First day in Rwanda
Trip Start Feb 13, 2011
30Trip End Mar 14, 2011
I knew I was down to one blank page in my passport, which makes me a little nervous. Some countries won’t let you in unless you have a full blank page for them to use for a visa and stamps. My wife was almost prevented from boarding a plane in Nairobi bound for Johannesburg a few years back because she didn’t have a fully blank page. More African countries now have left off a simple visa stamp in the passport and instead put in a sticker that takes up a whole page. To enter Kenya for a few hours, as I had done for dinner last night, took a whole page in my passport. So pages are used up quickly on a trip like this one.
I decided to go to the American embassy and ask them to sew some more pages in. I’ve done this several times before in US embassies, though never here in Rwanda. The new American embassy, about 5 minutes by car from my hotel, looks like a fortress, and is some ways it is. The sturdy security fences are well back from the building itself, and there are obstacles and other measures in place to prevent vehicles (like car bombs) from crashing their way in. The old embassy was in the middle of Kigali, and when I went to register in 1996 for the first time, surrounding streets had been closed off for security reasons. After the US embassy bombings in Nairobi and Dar es Salaam in August of 1998, new plans were made for more secure embassy buildings everywhere, especially in this region no doubt.
I walked in the door to the entrance building which is just off the street and quite a ways from the main building. As I entered, I prepared to go through the metal detector so I could continue on in. The guards on duty told me I couldn’t go in yet and asked my business. I told them I needed passport pages. They called someone and handed me the phone. I explained my situation and she said they only handled such requests by appointment, and only on Tuesdays and Fridays. I asked if I could make an appointment for Friday, and she told me I could not; I had to go somewhere where I could get online and make an appointment through the Internet. That seemed a bit strange, but there was nothing else to do. I had the taxi driver let me out at a shop on the way back to buy some water for the next few days, and I then walked the rest of the way back to the hotel.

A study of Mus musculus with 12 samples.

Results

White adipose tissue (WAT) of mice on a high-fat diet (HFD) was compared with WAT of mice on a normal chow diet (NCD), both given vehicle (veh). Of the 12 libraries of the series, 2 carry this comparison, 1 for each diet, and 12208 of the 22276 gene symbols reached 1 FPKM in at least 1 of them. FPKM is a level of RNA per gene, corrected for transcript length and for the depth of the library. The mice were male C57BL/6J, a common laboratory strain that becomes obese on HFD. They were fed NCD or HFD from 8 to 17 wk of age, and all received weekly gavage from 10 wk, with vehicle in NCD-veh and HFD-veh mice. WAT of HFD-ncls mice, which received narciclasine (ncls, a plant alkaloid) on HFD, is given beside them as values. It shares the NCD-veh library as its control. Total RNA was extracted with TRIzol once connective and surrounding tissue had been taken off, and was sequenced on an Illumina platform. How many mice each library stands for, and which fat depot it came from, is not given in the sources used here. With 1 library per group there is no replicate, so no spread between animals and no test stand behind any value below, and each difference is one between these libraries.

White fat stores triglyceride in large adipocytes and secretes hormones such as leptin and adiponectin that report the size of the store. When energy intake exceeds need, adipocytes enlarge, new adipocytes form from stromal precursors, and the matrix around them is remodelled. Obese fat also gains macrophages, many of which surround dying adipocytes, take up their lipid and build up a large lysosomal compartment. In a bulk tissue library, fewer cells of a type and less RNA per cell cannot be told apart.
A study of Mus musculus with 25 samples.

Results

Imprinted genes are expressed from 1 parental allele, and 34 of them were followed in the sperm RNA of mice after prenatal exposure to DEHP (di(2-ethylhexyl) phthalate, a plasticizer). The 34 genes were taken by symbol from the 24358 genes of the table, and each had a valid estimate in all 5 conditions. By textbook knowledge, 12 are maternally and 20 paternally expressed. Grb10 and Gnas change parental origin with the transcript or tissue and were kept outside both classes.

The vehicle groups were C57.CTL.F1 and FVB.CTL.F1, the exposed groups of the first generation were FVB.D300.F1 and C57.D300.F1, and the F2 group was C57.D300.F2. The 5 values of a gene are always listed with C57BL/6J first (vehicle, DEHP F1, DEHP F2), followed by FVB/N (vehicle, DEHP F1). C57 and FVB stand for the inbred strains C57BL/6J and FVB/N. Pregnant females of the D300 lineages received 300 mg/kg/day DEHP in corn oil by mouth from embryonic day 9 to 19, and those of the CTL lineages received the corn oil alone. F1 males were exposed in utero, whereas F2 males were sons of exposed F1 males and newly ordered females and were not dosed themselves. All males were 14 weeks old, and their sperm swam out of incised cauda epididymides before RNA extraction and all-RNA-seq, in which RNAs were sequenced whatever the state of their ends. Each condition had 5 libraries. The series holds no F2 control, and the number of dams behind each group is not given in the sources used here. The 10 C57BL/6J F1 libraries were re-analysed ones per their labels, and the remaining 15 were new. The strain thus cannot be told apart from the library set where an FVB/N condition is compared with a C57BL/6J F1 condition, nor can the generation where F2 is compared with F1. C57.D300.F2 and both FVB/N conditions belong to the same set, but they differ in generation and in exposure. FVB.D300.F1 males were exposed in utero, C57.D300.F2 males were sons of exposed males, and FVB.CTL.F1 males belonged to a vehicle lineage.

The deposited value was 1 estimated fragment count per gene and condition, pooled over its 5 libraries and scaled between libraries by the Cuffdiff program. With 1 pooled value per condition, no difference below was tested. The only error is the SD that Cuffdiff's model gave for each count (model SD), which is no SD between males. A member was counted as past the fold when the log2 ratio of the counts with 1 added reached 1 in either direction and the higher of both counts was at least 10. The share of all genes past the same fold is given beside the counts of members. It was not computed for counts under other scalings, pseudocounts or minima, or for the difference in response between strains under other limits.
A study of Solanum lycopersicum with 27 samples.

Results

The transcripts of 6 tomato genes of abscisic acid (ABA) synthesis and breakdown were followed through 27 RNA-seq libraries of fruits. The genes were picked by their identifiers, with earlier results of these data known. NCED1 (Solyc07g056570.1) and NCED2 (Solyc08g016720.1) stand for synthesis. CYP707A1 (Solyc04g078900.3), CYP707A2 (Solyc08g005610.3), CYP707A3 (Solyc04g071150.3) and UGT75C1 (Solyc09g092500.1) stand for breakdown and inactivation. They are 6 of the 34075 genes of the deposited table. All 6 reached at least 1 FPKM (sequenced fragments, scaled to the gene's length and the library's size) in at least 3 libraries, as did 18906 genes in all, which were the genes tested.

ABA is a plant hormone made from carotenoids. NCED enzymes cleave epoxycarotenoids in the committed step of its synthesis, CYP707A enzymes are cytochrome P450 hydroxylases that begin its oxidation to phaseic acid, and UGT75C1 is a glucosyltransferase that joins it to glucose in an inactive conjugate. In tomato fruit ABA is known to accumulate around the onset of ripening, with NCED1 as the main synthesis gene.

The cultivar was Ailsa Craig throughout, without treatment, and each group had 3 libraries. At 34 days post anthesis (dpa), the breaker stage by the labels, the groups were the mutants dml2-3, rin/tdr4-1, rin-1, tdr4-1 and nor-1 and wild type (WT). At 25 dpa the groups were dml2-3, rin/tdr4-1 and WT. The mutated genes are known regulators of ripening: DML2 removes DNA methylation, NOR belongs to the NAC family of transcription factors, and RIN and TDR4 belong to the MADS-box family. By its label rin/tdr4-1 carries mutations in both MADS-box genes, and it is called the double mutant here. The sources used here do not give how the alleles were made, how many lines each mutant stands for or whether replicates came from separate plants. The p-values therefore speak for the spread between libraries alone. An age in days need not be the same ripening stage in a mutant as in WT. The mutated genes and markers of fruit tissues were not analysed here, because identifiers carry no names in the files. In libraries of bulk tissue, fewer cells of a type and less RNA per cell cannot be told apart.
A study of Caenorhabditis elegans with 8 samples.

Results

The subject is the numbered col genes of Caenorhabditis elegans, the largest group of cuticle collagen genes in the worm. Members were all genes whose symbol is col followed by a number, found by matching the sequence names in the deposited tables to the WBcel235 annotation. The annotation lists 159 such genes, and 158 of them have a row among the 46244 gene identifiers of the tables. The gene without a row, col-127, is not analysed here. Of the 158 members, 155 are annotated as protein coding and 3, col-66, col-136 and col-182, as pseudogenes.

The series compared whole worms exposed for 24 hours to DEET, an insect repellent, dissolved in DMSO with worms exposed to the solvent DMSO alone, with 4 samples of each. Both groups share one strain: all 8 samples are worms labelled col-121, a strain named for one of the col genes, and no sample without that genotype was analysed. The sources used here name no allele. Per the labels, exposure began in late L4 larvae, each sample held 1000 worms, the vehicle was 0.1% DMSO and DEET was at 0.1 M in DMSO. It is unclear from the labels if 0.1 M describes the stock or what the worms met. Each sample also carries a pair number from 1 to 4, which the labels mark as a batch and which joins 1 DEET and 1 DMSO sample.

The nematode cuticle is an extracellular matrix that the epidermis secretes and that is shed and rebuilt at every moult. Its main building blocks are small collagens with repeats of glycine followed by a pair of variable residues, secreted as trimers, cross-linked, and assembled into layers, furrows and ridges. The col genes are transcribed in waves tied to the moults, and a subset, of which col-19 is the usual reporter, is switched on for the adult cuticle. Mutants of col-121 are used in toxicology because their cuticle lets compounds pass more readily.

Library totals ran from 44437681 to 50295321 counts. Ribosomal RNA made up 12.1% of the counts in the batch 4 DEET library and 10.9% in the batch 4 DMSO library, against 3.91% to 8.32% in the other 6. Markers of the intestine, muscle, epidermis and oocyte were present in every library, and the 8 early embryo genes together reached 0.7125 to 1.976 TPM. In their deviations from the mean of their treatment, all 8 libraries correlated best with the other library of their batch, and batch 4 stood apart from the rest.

Back in my room, I went on the Internet to make an embassy appointment for Friday, but there were no time slots left; the day was already fully booked. So much for having more pages in my passport! I may be able to have it done in Mauritius; they have done it on a same-day basis with no appointment for me before. I thumbed through the pages of my passport and found one transit visa from Kenya that was ready to fall out anyway because the glue had dried out, so I gained at least one page. Hopefully that should be enough.
I spent the rest of the morning and the afternoon catching up on office work: writing a blog submission for our Church website, answering e-mails, making arrangements to send some more assistance to church members in Côte d’Ivoire, things of that nature. I took a break at lunch and had two goat brochettes; Chez Lando has been famous for its goat brochettes for quite a while. Beef brochettes are much more tender and they only cost about a dollar more, but I had the goat for old time’s sake. I’ve been using this hotel for over ten years, and have seen it change and improve quite a bit over the years.
I was finally reached Mr. Mundeli on the phone about mid-afternoon. He was in his village in the zone of Remera about 90 minutes from Kigali. He suggested we meet tomorrow morning at 09:00 to schedule events for my stay here. That should work well.
After my short night last night, I won’t be up late tonight.